Since the launch of our “Down the Hall” campaign, a few of our Asian, Canadian, and yes, female writers have shared their perspectives on the issue with us. Ricepaper is delighted to showcase this array of thoughts and reactions, which allows for individual nuance and response.
We hope you enjoy them too, and feel free to send us your thoughts!
From Fiona Tinwei Lam:
“Gilmour’s university-level course, ‘Love, Sex and Death in Short Fiction’, might more accurately have been named ‘Horny, Aging and Male: the Short Fiction of Straight White Middle-Aged Guy-Guys Facing Mortality’. This writer/teacher represents one of a long line of men with influence and power stretching back in time who have dismissed women writers and non-white writers outright. As has already been said by so many publicly in the media, it’s ultimately his loss.
The short fiction of Alice Munro might not pass Gilmour’s narrow measurement of literary quality, but open-minded, intelligent and well-rounded readers and writers throughout the world applaud Munro’s well-deserved award of the Nobel Prize for Literature.”
From Sally Ito:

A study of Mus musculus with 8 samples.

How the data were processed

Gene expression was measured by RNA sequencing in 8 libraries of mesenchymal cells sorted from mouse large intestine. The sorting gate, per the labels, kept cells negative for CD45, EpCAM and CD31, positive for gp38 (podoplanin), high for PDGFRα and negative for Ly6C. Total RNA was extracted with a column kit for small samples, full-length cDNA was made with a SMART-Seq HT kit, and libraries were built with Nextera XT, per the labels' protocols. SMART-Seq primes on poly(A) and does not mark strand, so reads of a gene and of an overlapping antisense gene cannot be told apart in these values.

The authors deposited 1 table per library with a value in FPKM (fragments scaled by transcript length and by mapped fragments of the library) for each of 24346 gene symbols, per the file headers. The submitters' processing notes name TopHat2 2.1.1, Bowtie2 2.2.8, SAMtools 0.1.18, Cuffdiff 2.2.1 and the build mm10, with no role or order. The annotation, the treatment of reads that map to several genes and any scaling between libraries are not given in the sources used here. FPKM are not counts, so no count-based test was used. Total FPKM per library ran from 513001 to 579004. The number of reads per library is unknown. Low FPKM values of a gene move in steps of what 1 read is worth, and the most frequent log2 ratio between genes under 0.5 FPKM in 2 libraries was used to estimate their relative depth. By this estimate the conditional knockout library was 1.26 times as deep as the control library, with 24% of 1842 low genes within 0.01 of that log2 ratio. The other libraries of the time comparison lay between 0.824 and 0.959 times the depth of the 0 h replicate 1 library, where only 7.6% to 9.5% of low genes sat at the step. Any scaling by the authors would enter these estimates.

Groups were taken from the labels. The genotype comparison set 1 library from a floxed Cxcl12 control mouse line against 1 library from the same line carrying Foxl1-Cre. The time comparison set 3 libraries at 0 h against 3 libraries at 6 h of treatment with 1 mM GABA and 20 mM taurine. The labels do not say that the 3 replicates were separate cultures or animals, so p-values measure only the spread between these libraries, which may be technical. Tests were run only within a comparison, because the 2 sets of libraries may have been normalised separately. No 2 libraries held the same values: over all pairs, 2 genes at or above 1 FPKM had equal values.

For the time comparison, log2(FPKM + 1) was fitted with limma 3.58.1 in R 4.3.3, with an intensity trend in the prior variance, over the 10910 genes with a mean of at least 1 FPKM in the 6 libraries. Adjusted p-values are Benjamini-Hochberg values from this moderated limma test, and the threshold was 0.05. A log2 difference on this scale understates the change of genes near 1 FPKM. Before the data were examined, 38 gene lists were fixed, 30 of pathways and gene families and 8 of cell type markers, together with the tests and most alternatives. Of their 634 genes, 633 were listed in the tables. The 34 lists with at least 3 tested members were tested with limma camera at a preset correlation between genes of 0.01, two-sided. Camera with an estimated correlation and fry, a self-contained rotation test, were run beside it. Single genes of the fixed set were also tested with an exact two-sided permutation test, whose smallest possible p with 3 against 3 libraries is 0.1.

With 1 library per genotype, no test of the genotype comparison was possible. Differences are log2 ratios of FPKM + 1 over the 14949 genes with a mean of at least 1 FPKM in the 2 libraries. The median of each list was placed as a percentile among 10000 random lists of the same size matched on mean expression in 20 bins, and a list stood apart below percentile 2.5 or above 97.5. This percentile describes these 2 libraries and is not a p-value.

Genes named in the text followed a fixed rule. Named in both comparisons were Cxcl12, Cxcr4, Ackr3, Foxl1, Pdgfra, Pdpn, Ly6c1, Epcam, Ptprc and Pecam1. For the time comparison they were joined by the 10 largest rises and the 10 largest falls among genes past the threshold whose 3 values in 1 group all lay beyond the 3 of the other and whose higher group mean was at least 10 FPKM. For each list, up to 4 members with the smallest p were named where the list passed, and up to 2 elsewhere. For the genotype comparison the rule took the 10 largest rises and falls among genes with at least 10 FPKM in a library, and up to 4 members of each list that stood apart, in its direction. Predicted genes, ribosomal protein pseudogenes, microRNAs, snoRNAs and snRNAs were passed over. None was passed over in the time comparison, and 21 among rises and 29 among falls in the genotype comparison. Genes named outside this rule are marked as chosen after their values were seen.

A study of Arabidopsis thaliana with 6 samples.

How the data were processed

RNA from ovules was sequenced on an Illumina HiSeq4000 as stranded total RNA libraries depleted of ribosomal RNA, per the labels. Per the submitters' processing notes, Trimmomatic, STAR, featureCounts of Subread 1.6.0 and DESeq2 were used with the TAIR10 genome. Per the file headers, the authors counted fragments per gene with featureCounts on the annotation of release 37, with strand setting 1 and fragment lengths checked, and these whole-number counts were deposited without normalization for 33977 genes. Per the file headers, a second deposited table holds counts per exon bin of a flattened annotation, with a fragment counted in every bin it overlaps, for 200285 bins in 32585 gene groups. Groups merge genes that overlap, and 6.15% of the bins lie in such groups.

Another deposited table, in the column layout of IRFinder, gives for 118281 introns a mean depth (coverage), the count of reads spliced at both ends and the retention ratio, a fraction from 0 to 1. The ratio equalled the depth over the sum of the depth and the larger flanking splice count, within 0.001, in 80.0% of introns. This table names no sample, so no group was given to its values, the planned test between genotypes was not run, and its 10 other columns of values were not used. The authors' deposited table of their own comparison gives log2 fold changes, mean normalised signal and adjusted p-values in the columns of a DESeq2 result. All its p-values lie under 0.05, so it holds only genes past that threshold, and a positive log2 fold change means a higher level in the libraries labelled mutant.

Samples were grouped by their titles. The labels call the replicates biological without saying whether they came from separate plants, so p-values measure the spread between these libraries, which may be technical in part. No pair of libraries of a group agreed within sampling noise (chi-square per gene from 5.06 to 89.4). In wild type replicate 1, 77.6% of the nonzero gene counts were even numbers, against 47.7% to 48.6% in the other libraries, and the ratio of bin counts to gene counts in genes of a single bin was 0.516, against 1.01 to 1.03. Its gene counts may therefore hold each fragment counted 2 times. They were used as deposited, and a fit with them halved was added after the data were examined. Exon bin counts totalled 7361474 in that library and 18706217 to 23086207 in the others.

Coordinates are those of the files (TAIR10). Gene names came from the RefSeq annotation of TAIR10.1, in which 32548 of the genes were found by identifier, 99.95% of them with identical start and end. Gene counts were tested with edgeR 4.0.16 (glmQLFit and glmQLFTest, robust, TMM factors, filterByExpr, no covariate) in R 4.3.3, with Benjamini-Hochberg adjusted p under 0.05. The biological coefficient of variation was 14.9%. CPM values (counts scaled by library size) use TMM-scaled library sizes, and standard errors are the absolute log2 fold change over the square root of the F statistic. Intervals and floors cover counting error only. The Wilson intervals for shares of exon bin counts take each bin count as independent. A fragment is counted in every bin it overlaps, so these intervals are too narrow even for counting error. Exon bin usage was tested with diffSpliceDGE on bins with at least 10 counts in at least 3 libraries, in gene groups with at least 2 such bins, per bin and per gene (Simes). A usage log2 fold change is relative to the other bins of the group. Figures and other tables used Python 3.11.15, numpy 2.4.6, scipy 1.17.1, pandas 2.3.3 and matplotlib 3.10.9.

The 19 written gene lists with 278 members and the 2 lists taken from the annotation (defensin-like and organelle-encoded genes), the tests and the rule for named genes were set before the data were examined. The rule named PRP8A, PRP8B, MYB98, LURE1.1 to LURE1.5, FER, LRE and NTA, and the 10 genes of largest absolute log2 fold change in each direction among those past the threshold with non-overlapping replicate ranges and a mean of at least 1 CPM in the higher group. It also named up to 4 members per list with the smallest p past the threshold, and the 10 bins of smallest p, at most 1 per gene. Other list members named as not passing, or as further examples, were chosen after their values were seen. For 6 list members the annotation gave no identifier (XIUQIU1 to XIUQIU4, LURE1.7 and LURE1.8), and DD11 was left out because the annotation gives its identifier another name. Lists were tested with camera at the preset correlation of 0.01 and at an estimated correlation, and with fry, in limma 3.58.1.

“I’ve been following the social media fracas on Gilmour; it was very lively. However, I have made no comment. A lot of feathers ruffled for sure. But nobody can read everything, and everyone has their own taste, limited, of course. I’m beginning to think that indifference to others is a kind of sin, a sin that is inherent in human nature — it’s not possible to love everybody/read everybody’s story — and I feel the sting of that everyday as a writer — can’t read everyone’s work, can’t be friends with every writer who wants a reader, can’t, can’t, can’t … and yet, one carries on still writing, still wanting readers, still wanting friends and people to say, ‘your words have meant so much to me.’ Writing is a perverse form of narcissism, I think on the worst of days, and on other days, when I’m lifted by someone’s writing, I feel it to be of the highest calling.”
From Judy Fong Bates:
“I’m writing from China where Facebook is blocked. In Canada we can access just about anything on the net and we can voice opinions that are distasteful, thoughtless,
From Sarah Yi-Mei Tsiang:
I find this kind of sexism and racism so tiring, and so disheartening. I keep thinking of his students, and how many voices he is extinguishing or delaying because of his smug ignorance. All we can really do is continue to mentor, support, and love the voices of the talented women and people of colour who will rise above this systemic and casual racism, sexism, and homophobia.
NB Special thanks to Fiona Tinwei Lam for collating these comments.